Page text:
Grinnell was founded as a "Yankee" settlement, that is to say it was founded and originally settled by settlers from New England (as well as those from upstate New York whose parents and grandparents had come to that region from New England) who were descended from the English Puritans who settled New England in the 1600s. Grinnell was founded in 1854 by Josiah B. Grinnell a Congregationalist from Vermont. The city was originally slated to be named "Stella," but J.B. Grinnell convinced other members of the colony to adopt his own name for the city, citing it as a rare and concise name. Grinnell was incorporated on April 28, 1865, and by 1880 Grinnell had a population of around 2000. Located at the junction of two railway lines (east-west line of the Rock Island Railroad and the north-south Minneapolis and St. Louis Railway), it became and remains the largest community in Poweshiek County.
Grinnell was a stop on the Underground Railroad.
Grinnell was also a stop along the (Mormon) Pioneer Trail, which spans across five states covering about 1,300 miles. The trail was traveled by an estimated 100,000 plus travelers from 1846 to 1869, including some 70,000 Mormons escaping religious persecution. The Pioneer Company of 1846-1847 established the first route; from Nauvoo, Illinois to Salt Lake City, Utah. Today, the Pioneer Trail is still visible through many parts of rural Grinnell.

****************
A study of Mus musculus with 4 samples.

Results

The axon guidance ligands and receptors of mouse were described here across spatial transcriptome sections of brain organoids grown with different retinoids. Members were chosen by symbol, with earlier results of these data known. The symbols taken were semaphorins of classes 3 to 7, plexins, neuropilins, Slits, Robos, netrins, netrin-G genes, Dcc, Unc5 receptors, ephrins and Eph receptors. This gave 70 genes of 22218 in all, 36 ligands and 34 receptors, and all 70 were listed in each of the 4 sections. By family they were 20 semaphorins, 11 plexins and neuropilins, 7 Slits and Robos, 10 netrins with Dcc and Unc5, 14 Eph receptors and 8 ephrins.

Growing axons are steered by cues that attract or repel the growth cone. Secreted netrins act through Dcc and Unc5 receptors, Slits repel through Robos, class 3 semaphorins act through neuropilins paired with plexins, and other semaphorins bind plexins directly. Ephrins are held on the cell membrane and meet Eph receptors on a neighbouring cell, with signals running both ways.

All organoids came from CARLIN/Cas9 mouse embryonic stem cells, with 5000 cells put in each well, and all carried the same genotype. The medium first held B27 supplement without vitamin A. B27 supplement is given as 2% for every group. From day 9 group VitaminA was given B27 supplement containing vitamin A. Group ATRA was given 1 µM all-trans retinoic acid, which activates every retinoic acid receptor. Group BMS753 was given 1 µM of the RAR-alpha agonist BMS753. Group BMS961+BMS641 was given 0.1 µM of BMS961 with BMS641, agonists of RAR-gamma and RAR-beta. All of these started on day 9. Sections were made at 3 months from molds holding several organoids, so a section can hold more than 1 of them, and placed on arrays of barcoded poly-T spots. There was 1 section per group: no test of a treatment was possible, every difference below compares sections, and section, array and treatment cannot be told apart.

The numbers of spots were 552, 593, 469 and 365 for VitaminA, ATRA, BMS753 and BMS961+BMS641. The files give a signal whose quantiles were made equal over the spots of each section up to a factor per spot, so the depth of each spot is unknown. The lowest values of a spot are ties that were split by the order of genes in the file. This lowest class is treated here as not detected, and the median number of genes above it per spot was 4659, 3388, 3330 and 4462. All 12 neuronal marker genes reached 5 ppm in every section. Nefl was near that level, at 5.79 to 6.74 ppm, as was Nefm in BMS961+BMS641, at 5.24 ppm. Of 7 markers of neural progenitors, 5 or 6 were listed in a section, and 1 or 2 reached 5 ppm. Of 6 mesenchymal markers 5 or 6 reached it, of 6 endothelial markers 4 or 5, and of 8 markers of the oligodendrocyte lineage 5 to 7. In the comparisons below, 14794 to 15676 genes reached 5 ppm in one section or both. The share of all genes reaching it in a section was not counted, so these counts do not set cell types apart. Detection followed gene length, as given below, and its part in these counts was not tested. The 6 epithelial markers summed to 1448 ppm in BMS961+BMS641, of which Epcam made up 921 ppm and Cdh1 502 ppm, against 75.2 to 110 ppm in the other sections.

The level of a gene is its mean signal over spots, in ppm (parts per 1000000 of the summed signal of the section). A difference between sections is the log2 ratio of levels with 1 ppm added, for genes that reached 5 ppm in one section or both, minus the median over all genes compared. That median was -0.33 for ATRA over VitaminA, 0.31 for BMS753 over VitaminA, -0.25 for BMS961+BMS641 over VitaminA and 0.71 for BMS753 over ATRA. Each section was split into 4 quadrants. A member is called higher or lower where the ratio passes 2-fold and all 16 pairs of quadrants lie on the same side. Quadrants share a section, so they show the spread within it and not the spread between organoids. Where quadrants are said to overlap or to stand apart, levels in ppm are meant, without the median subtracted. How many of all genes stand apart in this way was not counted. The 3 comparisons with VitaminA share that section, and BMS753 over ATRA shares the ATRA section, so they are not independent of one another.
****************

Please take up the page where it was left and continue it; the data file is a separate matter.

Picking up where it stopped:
Grinnell is home to Grinnell College, established in 1846. In 1889, Grinnell College and the University of Iowa played each other at Grinnell College in the first football game played west of the Mississippi River. On June 17, 1882, a tornado destroyed most of the college campus and much of the community with a death toll of 68. In 1889 fire destroyed most of the downtown area. Grinnell College is nationally recognized as a leading undergraduate institution. In July 2006, The New York Times included Grinnell in its profile of the 20 colleges and universities of "established or rising scholarship" which are fast becoming viable alternatives to Ivy League institutions, and is considered one of the 30 Hidden Ivies.
Grinnell was home to Spaulding Manufacturing. H.W. Spaulding began making carriages and spring wagons in Grinnell, Iowa in 1876. In 1909 the Spaulding Manufacturing Company added automobiles to its production line. At one time, the factory was the largest employer in the county. Automobile production ceased at the Spaulding factory in 1916 when it could no longer compete with the cheaper Ford automobile. The Spaulding factory site became home to the Spaulding Center for Transportation/Iowa Transportation Museum.